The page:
Tuesday, February 1, 2011

Revulsion Is the Foot of Meditation

Cross-posted today at The Interdependence Project.

I've been thinking a lot lately about this quote by Robert Aitken Roshi:

Renunciation is not getting rid of the things of this world, but accepting that they pass away.

Renunciation is one of those widely misunderstood and misrepresented Buddhist ideas. The misunderstanding usually has something to do with what Aitken Roshi refers to here: getting rid of the things of this world.

As Western Buddhist practitioners this may be an easy groove for us to slip into. Our cultural religious heritage is one that regards this world and its things (and us, as creatures embedded in the world) as fallen -- fundamentally corrupt. According to this view, there is a pure and uncorrupted world somewhere else waiting to be exchanged for this one -- but to go there requires getting rid of the things of this world. This idea finds its most vivid expression in those zealots who flagellate or otherwise mutilate themselves as a way to mortify the flesh and aspire to a world beyond this one -- but it also comes in much more common and more subtle flavors.

It would be natural to carry that kind of trip into our Buddhist practice, and think of renunciation as some kind of ascetic mortification. But the Mahayana Buddhist view of renunciation to which Aitken Roshi was referring is quite different. It is an internal attitude of renunciation towards the cause of suffering itself: the ego-clinging that distorts reality. "The primary cause of unhappiness," says Eckhart Tolle, "is never the situation but your thoughts about it."

So much of our suffering in life arises not from the things of this world, but from the way we relate to them with our minds. We cling to things; we do not want to accept that they pass away. With possessions and relationships and circumstances, we grasp at what makes us happy and push away what makes us suffer. But maybe at this point we have begun to suspect why the mahasidda Tilopa advised his student Naropa: "You are not bound by appearances; you are bound by clinging. Cut through your clinging, Naropa."

Appearances -- the things of this world -- are just what they are. They come and go. Sometimes they rock and sometimes they suck. But we get ourselves all in a twist trying to control things, and trying to keep them a certain way. Refusing to work with things as they are, we suffer. Accepting that the things of this world pass away means that we do not hold on to anything. Appearances have no real power to bind us if we do not cling to them.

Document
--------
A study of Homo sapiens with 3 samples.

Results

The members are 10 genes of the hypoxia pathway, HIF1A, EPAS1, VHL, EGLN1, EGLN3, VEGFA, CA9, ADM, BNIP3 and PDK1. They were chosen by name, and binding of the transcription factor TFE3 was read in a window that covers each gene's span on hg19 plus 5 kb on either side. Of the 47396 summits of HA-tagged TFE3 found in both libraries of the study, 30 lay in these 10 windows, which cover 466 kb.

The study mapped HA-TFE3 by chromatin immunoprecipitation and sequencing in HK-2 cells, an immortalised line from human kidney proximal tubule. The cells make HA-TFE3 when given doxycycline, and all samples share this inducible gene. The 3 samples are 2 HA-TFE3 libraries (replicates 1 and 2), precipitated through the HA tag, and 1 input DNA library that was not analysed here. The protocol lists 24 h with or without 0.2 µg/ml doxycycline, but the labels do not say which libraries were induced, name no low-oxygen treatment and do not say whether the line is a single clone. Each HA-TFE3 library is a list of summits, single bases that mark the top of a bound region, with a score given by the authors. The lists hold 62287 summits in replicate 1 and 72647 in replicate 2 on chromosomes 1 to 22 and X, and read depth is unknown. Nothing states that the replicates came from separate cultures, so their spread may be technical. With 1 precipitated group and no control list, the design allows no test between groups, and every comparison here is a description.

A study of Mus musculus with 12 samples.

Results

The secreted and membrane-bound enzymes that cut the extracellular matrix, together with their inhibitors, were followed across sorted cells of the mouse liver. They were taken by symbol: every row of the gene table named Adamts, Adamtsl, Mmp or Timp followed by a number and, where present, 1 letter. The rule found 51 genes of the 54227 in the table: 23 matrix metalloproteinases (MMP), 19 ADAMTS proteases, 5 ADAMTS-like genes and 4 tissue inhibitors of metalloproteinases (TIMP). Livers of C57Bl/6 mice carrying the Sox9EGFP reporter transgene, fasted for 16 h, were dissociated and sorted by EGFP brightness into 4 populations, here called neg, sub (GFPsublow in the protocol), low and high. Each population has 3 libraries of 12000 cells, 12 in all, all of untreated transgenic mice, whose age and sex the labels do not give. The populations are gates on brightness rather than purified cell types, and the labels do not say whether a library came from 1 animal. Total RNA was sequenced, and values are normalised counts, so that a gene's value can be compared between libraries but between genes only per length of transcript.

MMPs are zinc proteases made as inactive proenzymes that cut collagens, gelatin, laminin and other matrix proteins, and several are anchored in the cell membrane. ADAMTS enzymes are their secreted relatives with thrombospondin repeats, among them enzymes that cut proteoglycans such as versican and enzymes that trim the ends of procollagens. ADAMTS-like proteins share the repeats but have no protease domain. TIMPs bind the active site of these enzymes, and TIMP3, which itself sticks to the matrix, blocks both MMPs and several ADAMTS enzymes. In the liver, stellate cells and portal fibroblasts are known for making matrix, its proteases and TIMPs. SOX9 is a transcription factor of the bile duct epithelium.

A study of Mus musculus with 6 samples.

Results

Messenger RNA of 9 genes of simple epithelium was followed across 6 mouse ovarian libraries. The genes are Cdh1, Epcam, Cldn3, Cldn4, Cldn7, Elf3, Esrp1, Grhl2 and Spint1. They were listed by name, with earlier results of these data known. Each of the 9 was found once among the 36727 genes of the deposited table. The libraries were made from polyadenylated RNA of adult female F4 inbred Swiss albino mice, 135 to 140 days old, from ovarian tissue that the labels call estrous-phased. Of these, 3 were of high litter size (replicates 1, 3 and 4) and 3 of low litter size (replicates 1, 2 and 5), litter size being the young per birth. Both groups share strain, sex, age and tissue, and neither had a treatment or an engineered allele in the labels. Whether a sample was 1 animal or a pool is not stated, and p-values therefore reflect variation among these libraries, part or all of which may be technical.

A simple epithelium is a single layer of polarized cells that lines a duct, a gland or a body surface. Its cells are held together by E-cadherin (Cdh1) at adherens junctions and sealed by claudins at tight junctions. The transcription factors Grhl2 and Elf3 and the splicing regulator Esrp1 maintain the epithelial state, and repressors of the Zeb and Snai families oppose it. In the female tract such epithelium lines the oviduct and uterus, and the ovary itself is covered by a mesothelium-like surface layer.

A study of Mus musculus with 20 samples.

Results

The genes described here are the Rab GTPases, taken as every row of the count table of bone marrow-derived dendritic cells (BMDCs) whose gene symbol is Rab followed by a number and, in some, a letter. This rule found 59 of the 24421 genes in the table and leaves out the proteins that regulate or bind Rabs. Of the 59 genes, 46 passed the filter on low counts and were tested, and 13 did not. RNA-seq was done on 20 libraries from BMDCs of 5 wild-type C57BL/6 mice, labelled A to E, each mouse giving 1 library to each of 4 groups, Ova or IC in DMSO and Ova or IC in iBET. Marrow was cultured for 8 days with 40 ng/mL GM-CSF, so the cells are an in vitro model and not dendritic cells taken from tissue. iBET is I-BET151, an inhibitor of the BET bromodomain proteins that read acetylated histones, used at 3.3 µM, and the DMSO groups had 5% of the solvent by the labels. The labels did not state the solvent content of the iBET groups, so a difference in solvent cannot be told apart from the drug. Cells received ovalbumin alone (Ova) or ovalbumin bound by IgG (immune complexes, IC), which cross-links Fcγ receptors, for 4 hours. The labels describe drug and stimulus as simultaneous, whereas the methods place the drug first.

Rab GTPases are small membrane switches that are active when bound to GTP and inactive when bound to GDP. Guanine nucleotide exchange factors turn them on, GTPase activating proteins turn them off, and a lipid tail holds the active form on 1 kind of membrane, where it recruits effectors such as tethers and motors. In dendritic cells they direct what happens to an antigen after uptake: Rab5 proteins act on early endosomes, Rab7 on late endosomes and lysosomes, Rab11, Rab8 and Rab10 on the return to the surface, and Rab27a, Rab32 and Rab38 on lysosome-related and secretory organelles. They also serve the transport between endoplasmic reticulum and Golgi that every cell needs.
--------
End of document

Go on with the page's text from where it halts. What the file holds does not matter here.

In the Kagyu tradition of Tibetan Buddhism, there is a famous lineage prayer that includes the line: "Revulsion is the foot of meditation." We have to be sick and tired of our own suffering, and able to see how much of it we cause ourselves -- and willing to stop. That revulsion towards our own self-created suffering, which is rooted in ego-clinging and misunderstanding, is the basis, the foot, the foundation of everything else on the Buddhist path.

4 comments:

Zen and Back Again said...

Dennis,

Rocking post! You hit on so many good points--clinging, aversion, and the true meaning of renunciation. I really enjoyed reading this. Keep the posts coming.

Jeeprs said...

On this occasion, I don't entirely agree. I think renunciation really is letting things go - bad habits, bad emotional attitudes, among other things, but also a lot of things that worldly people regard as perfectly wholesome. Sure Buddhism is not ascetic but it is a renunciate philosophy. Even if it is true that this might be a matter of attitude rather than literally giving things away, the ability to do without and not depend on things is pretty crucial. And pretty difficult!

Wanapitei said...

Excellent post. But I had trouble with the remark attributing this as a specific to Mahayana Buddhism. As someone practising within the Theravada tradition that attribution felt sectarian. I can't help but feel Robert Aitken Roshi's statement applies to all who practice Buddhism.

Dennis Hunter said...

Wanapitei, thank you, it's good to hear how this came across to you. By qualifying that as a Mahayana notion of renunciation, I wasn't trying to distinguish it from a Theravada view but from what Tibetan Buddhism would characterize as a "Hinayana" view (which is, to risk oversimplification, more along the lines of "getting rid of the things of this world"). The three-yana system is crucial to understanding Tibetan Buddhism altogether. But it's frustrating because "Hinayana" and "Theravada" often get mixed up together in conversation, but in fact they are not at all synonymous; they are not even referring to the same class of phenomena. Thanks again for raising this issue.